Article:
Monday, November 2, 2015



An assessment of Lou Reed's Transformer album as published in Creem (February 1973).

 Their faces drooping in disbelief, the fans shook their baffled, bewildered heads. "If we hadn't seen him with our own eyes we never would have believe it." 

They were commenting on Lou Reed's Transformation from a wrestling hero to a savage villain. -- from Teenage Wasteland Gazette #2
All Last year Lou Reed underwent variously assorted transformations. At one time he was a pirate, and another time he became a transvestite, and even a Lou Reed pamphlet was printed and distributed, claiming that Lou actually had a double who was really responsible for his first album.

This year, on the other hand, Lou Reed must carry the role of a social deviant who hides in closets and jerks off at the mere mention of Marilyn Monroe. Essentially, it's back to those blissful days of Warhol legends when living was clean, and everybody could be zombies with black circles around their eyes.

That's showbiz, and Lou Reed always did wanna appear in a Broadway musical.

This new album is further proof even that Lou Reed has turned into something sicker than a homicidal-rapist-mass murderer-porno editor. Far gone is that prevailing commercial bubblegum flair so evident on the first album (e.g. "I Love You," "'Lisa Says," "Love Makes You Feel"). Instead, it's more like what the third Velvet Underground album would have sounded like if David Bowie had been in charge of production back then.

There's a couple of cute ditties on here that perhaps belong on We're Only In It For The Money (dumbshit show tunes in which Bowie gets to fill in all the vacant gaps with chugging trombones and tubas), but other than that this album proclaims itself as most masterpieces proclaim themselves: IT GROWS ON YA!

Primarily this is because of the lyrics. There are so many good lines thrown at ya at once that, in fact, you could even make a scrapbook. Prime examples are for instance like on "Vicious" a chunky rocker which wraps its belt around ya with the lines – "When I see you walking down he street, I step on you walking down the street, I step on your hands and mangle your feet" or "Hey, why don't you swallow razor blades?!" which fades into the gritty chorus:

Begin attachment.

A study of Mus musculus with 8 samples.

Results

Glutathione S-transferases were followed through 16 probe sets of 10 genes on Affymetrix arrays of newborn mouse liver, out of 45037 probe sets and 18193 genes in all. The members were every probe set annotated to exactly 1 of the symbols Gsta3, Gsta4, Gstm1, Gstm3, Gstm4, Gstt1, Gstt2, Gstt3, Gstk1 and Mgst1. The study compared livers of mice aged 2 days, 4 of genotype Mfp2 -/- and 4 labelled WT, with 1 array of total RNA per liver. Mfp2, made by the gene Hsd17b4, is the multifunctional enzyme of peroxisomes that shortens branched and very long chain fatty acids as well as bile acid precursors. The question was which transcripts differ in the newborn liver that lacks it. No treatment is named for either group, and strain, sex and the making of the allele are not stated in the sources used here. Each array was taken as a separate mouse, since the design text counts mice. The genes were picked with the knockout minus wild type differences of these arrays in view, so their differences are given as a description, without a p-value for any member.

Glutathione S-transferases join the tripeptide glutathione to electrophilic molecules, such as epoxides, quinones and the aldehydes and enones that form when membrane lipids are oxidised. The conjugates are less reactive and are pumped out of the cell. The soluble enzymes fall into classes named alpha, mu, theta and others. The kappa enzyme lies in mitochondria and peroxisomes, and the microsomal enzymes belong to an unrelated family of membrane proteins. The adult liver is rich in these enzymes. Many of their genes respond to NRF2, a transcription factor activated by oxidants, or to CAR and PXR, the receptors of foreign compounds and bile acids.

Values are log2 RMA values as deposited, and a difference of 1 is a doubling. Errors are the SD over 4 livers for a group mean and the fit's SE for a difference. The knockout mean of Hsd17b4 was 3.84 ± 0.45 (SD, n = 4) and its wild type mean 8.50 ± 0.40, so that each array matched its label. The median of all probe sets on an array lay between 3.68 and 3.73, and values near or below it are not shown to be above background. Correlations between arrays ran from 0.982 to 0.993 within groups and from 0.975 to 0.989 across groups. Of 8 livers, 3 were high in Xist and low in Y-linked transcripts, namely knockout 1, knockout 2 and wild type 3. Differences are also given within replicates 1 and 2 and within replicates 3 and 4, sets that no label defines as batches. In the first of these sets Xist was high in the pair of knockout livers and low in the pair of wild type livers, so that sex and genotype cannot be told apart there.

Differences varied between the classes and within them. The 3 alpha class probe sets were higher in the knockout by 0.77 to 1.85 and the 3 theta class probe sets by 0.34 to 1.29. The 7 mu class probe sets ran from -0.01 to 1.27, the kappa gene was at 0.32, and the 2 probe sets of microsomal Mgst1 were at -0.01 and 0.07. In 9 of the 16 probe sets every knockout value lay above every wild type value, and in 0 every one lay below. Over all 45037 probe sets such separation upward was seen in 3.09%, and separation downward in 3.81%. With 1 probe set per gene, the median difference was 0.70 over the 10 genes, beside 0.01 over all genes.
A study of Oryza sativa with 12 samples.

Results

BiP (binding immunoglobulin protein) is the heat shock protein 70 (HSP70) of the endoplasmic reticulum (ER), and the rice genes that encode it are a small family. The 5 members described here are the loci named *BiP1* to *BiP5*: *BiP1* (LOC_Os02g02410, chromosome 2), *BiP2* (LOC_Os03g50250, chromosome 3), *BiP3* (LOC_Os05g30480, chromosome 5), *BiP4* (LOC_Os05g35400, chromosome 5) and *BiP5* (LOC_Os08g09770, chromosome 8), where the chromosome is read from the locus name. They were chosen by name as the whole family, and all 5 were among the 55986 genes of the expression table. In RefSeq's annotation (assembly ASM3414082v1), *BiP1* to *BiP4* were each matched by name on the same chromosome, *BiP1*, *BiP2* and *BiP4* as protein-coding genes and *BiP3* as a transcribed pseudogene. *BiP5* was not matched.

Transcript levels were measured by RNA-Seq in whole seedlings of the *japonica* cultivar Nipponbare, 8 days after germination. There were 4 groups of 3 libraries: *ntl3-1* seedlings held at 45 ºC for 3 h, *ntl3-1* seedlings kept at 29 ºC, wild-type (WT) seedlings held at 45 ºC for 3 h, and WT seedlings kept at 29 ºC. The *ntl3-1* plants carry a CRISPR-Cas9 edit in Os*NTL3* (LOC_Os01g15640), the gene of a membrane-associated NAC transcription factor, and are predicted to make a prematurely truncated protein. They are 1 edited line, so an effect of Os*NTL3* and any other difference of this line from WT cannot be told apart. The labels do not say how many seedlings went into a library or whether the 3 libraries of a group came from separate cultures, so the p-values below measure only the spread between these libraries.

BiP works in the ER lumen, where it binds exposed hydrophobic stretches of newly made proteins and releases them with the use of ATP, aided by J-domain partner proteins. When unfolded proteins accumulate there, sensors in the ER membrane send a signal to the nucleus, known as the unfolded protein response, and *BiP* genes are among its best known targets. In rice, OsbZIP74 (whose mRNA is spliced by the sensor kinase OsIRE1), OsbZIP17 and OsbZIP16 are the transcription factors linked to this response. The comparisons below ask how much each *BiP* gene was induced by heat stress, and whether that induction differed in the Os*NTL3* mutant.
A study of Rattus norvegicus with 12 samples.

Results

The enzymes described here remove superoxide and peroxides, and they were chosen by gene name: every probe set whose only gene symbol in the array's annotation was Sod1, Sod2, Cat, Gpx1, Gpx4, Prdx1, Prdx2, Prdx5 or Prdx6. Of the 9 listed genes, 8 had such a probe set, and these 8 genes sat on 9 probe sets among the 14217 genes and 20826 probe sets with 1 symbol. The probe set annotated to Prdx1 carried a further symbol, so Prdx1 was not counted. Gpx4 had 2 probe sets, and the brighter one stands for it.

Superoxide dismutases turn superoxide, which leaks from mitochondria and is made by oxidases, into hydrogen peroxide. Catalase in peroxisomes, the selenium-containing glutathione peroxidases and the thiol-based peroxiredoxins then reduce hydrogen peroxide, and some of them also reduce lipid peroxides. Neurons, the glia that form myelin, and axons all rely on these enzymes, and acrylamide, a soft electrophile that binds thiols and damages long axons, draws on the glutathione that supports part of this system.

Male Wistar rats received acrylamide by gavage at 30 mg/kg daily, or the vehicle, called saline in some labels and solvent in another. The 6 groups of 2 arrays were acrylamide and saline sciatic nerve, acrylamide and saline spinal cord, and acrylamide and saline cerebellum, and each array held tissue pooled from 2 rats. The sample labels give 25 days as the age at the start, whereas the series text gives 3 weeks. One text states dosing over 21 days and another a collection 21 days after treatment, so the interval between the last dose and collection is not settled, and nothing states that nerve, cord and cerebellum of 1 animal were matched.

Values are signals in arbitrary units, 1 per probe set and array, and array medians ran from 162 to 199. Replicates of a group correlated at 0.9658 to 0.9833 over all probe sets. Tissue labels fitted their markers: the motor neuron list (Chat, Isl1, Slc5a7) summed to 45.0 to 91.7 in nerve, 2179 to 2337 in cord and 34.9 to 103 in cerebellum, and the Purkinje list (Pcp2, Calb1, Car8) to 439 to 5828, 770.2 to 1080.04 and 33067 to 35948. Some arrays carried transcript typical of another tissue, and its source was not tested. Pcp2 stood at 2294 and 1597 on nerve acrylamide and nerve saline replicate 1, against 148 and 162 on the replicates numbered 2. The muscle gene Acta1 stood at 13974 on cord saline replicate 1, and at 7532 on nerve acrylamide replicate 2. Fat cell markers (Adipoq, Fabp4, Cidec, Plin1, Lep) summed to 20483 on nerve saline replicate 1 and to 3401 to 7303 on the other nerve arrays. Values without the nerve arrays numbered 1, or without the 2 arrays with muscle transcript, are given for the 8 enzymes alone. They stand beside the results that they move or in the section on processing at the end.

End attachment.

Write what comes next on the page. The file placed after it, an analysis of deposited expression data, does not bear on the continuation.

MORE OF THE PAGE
You hit me with a flower
You do it every hour
Oh, baby, you're so vicious.

Then there's "Wagon Wheel," which is even more frantic than "Vicious" except that it features a prayer by Lou wherein he confesses all of his sins. Yeah, it's got good lines, too, like – "but if'n you think that you get kicks from flirting with danger/then kick her in the head and re-arrange her". This all fizzles into an over-bold attempt at "Wake Me, Shake Me."

Other noteworthy efforts include "Satellite of Love," total Bowie and would make a terrific Xmas AM hit single; "Make Up," a careful study of all the gunk that attractive "slick little girls" smear on their faces; "I'm So Free," a punk psychedelic rouser reminiscent of the Electric Prunes and a definite Midwest regional hit; and "Andy's Chest," which mostly takes about how your bellybutton is really your mouth and if your feet stink it's really your nose.

But none of em, absolutely none of em, can top "Walk on the Wild Side," which is most certainly the best thing Lou Reed has come out with since "Rock & Roll." The song is one of those impromptu "Wild Child" ramble-epics which feature exclusively Lou's magnificent sense of sneeze-phrasing. Strings are attached onto this one, and it makes you feel like tiny ants are gnawing on your big toe.

At the final clip of the saga, Bowie crams a mellow sax up your rectum, and Lou has his colored (that's what he calls em) backup female chorus do some percolator imitations. But it's words that curdle your oily lubricants and none are better than this verse:

Candy came from out on the island
In the backroom she was everybody's darling
But she never lost her head
Even when she was giving head.
She sez – hey, babe, take a walk on the wild side.

Well, of course, there are songs you're gonna wanna skip, but the cover should make up for that. Lou Reed looks like he just stepped out of the horror flick about zombies or even more like he's been giving rim jobs to the Fugs during the performance on Golden Filth. Yup, he's a full-fledged social degenerate now, and I really don't see how he could get any lower. Not even Candid Press would have the guts to touch him these days.

Nevertheless, other than the fact that this album is great, there's something especially fine about it which sets it apart from all the other crappy platters being released lately. I mean, hell, at least it ain't anal retentive.